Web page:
Jules just commented on Brigades inclusion into Octane. It’s interesting in that I had the same impression as you, thinking that there were bits and pieces of Brigade included into Octane, but that the full inclusion hadn’t happened yet. I think that he was mostly talking about the experimental builds, and I don’t know how this affects the Blender plugin?
I am responsible for communicating our public roadmap, making the GTC videos, all of it, so if I can be doing this better, I’m always open to feedback.
Id do want to make sure you we are talking about the same things.
The Photon Tracer for example - is actually already working great in plugins like C4D. We have users like WREN from Corridor even making tuts for it, and we added volume caustics - which was not in any roadmap we shared before; in that case I feel we surpassed what we promised even months earlier.
Brigade, as it ran in the video you posted (and note it had noise, even if it was fast) actually shipped in Octane 4 - we made tons of examples showing what that did: the 10-100x speed up in the scene graph for example, and this was before RTX made this even faster by 3-5x. the only thing holding back 60 fps today are 1) DCCs themselves that can’t keep up with the scene graph and 2) the Octane CPU filmbuffer system (which is now back on GPU in 2022.1 XB2).
Brigade kernel is something new and distinct from the earlier work, and didn’t exist until 2020, and it is shipping in 2022.1 RC1, with all Octane features intact + temporal denoiser and real time options for DOF, fog, godrays and more. It doesn’t deviate from the core Octane spectral rendering pipeline, it builds on it, which is a big difference from many approaches to real time renderers (including early brigade kernel tests) which are split off or developed apart from the main production renderer, to cut features to get speed. That being said there is a place for those too, and adding RGB (non-spectral) Brigade kernel with some further optimizations, will be explored in the future. Also Brigade shipping in Octane as kernel (not a a whole new renderer) means we won’t need to change rendering state just access it - it will work in all DCC’s and in Unreal and Unity projects as well as in standalone of course.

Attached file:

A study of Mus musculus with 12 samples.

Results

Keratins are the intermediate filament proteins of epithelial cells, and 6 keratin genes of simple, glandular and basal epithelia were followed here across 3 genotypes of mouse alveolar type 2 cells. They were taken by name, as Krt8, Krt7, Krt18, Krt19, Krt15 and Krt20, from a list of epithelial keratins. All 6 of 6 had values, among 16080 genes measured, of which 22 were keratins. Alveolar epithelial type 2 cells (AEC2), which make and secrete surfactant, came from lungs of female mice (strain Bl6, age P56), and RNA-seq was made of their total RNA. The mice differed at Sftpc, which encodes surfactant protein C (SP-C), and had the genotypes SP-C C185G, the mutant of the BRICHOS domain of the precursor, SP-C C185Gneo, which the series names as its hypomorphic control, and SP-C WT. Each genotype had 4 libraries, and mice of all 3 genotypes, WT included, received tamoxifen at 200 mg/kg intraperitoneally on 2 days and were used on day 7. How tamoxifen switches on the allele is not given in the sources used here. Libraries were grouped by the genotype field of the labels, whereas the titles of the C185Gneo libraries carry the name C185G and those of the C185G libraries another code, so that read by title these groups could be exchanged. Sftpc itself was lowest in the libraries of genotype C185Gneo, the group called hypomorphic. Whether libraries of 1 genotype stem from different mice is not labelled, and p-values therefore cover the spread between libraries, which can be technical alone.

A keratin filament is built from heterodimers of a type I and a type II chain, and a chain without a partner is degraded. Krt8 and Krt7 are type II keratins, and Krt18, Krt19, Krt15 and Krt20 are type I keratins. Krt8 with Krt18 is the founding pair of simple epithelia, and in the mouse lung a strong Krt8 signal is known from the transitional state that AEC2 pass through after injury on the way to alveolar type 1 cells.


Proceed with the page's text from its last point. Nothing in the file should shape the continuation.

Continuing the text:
Anime edge kernel is in a pretty good state as a render delegate (which we can then sideload in Octane core), but like polarization and some other roadmap features, I have put them further out because users have strongly voted on us shipping more urgent features ahead of this (including PPM caustics). You can do amazing things with the current toons shader, and the edges rendering is going to make that better. Right now, we have our work cut out for us on real time, meshlets and a long list of user requests that is the lifeblood of us supporting a very broad userbase.
Also, from an ecosystem perspective, we have added a ton of value around Octane for the $20 month that hasn’t changed price in four years: Embergen, Sculptron, Architron (formerly LW CAD), Kitbash 3D, GSG+ (for annual sale on BF) and soon World Creator 3. Also we have Mac, Blender and Unreal still free and we have supported that for years to grow the ecosystem.